When I decided to listen to The Flamethrowers I was guardedly hopeful that the world Rachel Kushner was brazened enough to tackle, the world of gritty, downtown New York in the 1970’s, would live up to my expectations. Expectations set high since I am long time resident of lower Manhattan with an appreciation of art and counter intuitive thinking, both central elements of that place and time. She did not disappoint. Ms. Kushner’s knowledge of art, the people and places that made up the scene and the meticulous research of events swirling in the 70’s is spot on. This allowed her to recreate with accuracy the mood of deserted cobblestoned streets and dilapidated lofts, populated by colorfully independent, smart and destructive urban nomads.
Ms. Kushner is not only an imaginative story teller weaving truths with flights of fantasies but she has the ability to write in loving prose beautifully rendering even the grimy haunts of counterculture New York as it teeters on the edge of anarchy and bankruptcy.
The story shifts gears as smoothly as a high performance motorcycle as it speeds across the salt flats from New York to Italy and the South Pacific. To enhance the mood of the 70’s, she creates a loosely structured plot like time itself, made up of rivulets of events that swirl and mingle into the larger river of time and history. This coupled with the sultry voice of narrator Christina Traister, giving life to Reno, our guide on this odyssey as she shares her experiences with the cool, objectivity of an anthropologist makes The Flamethrowers an entoxicating motorcycle ride that speeds us out of a place of conformity to a world of intellectual possibilities. This is a ride with all the excitement and uncertainty of the open road. A ride worth taking.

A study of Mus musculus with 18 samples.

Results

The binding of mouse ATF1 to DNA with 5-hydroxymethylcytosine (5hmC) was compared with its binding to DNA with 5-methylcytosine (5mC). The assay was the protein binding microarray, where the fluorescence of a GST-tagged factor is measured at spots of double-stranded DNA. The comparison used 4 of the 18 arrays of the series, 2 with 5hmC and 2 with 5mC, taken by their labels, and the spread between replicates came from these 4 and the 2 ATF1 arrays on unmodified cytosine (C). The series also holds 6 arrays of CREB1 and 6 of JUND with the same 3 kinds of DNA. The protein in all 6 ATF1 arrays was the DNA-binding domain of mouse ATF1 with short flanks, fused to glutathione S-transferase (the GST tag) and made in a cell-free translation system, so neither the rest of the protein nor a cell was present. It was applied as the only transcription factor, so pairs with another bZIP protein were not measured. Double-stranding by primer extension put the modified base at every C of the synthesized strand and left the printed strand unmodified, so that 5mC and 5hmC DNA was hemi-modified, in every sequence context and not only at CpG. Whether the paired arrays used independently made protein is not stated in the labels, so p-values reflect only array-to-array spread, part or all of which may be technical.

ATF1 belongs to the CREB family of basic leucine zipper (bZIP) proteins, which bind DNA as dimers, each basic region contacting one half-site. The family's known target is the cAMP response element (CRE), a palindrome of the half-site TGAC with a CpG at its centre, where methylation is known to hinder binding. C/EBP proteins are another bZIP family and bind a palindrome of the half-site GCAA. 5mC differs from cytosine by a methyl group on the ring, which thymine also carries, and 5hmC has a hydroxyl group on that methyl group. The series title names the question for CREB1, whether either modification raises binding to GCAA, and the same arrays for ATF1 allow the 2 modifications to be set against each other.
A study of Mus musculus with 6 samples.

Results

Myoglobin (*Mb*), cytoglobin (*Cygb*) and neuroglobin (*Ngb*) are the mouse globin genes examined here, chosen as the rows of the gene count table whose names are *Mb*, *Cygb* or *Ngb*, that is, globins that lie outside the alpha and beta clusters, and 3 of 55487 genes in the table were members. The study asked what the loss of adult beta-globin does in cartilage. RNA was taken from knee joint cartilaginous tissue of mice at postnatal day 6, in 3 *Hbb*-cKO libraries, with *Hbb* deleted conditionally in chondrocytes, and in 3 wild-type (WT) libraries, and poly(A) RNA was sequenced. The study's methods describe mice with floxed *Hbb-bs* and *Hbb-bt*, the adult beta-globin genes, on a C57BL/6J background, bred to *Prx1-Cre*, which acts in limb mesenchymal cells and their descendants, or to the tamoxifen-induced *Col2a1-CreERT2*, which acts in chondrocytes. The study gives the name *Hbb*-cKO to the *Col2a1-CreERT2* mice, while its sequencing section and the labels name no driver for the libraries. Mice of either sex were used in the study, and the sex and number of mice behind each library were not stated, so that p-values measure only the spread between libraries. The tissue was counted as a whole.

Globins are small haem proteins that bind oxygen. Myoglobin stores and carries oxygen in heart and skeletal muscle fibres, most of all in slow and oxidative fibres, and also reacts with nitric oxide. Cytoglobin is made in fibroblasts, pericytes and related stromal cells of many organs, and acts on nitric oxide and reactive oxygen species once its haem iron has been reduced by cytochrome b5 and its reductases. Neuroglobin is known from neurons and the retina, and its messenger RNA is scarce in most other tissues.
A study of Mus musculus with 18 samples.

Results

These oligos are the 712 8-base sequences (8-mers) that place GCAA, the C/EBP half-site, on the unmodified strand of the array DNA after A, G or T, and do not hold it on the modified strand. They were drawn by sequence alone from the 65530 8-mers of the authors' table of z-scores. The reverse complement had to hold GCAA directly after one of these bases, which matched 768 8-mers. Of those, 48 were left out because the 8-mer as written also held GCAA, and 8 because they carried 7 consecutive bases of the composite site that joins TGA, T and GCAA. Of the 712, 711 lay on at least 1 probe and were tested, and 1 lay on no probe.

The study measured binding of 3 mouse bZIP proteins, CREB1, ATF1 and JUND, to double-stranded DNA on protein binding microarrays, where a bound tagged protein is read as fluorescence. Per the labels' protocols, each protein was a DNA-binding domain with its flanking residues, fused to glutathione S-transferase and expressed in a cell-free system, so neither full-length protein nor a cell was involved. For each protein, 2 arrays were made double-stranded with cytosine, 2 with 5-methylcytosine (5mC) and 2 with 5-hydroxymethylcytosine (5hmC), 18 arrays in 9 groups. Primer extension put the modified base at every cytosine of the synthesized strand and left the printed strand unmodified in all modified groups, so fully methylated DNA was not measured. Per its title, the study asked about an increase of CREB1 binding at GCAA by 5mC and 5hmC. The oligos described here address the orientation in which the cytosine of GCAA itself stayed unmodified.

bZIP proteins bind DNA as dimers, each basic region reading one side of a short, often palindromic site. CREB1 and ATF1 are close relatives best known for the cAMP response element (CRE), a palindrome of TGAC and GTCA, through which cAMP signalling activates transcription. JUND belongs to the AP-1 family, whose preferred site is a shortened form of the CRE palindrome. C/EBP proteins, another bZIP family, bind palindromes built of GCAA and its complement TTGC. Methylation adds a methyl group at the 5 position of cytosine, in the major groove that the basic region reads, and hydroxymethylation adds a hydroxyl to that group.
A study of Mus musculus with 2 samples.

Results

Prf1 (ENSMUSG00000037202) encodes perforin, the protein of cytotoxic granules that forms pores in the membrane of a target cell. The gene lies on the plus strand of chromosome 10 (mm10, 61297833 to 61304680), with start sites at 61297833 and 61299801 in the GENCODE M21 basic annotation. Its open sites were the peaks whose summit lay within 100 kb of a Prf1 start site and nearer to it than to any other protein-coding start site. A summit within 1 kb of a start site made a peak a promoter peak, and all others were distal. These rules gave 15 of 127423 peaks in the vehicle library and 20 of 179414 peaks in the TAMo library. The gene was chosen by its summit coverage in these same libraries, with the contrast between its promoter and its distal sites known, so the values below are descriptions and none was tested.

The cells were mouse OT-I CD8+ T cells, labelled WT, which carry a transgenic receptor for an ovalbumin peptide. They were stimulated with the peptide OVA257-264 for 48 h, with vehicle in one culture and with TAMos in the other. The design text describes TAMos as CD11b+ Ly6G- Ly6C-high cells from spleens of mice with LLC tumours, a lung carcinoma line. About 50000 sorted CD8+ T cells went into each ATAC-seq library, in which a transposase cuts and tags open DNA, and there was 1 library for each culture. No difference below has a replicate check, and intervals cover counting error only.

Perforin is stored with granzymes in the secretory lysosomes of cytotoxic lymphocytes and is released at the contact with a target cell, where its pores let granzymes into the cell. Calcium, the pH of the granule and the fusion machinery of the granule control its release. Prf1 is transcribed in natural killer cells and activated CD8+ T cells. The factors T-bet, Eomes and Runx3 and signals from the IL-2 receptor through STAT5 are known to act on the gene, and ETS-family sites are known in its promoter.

This book could have been better researched. It missed a great opportunity to delve into the complexities of the issues surrounding our relationship with the environment.
Yes, the best complement that I can give a book is that I read over and over. I have read it three times.
That we do not have a life but we are life, a part of the universal life. The book has helped me calm my spirit and let go of ego.
Hearing the voice escape from the prison of autism.
Maybe, it could be a vehicle for building sympathy and understanding of this terrible infliction.
Absolutely! It is more than just an entertaining story. It is a window into a culture that we often see in two dimensions through the filter of governmental and extremist actions.
Alif and the girl next door of course.
Sanjiv's performance was spot on. He is an excellent linguist capable of many varied accents. He had studied the text and was spot on with his reading, building to climaxes and softening to a whisper at all the write times.
Yes, as a light hearted read.
The story ended in a "and the all lived happily ever after" moment. I would like to see how the aliens and humans learned to live together after the aliens came down in mass, not just after the first contact alien came down.
One of the top ten aubiobooks that I have listened to.
Ms. Tartt's portrayal of the hopelessness of a childhood adrift in the no man's land of suburban Las Vegas is poignant. The world created by Ms. Tartt is vivid and inhabited by complex characters brought to life in full human dimension. A plausible glimpse into the underworld of art theft, the desperate lives of unwanted street kids, and the transformative power of art. Well worth the time.
The versatility of David Pittu’s narration, with his range of accents and voice tone, does this sprawling book the justice it deserves.
Top 10 nonfiction
Blink or any Gladwell book. He has a unique and engaging way of presenting complex information in a way that makes it crystal clear.
Yes, all of his books are great, including this one.
It made me laugh.
When will his next book come out?!
Incredible inside view
The full access that Woodward was granted and his even handed reporting.
Direct conversations between the President and the Speaker of the House.
We get frustrated watching the creation of important legislation from the outside but our frustration is nothing like that of the people engaged in the dance.
Woodward still has his mojo.
Great history read
Learning that Grant had to send troops in to Alabama so that elected officials could take office in 1870s. Similar to the integration of the University of Alabama in the 1960s. Attitudes are slow to change and history repeats itself.
We know so much about the time leading up to the Civil War and the time of the Civil War but not as much about Reconstruction. This book put a personal face on that period and has given me greater respect for President Grant.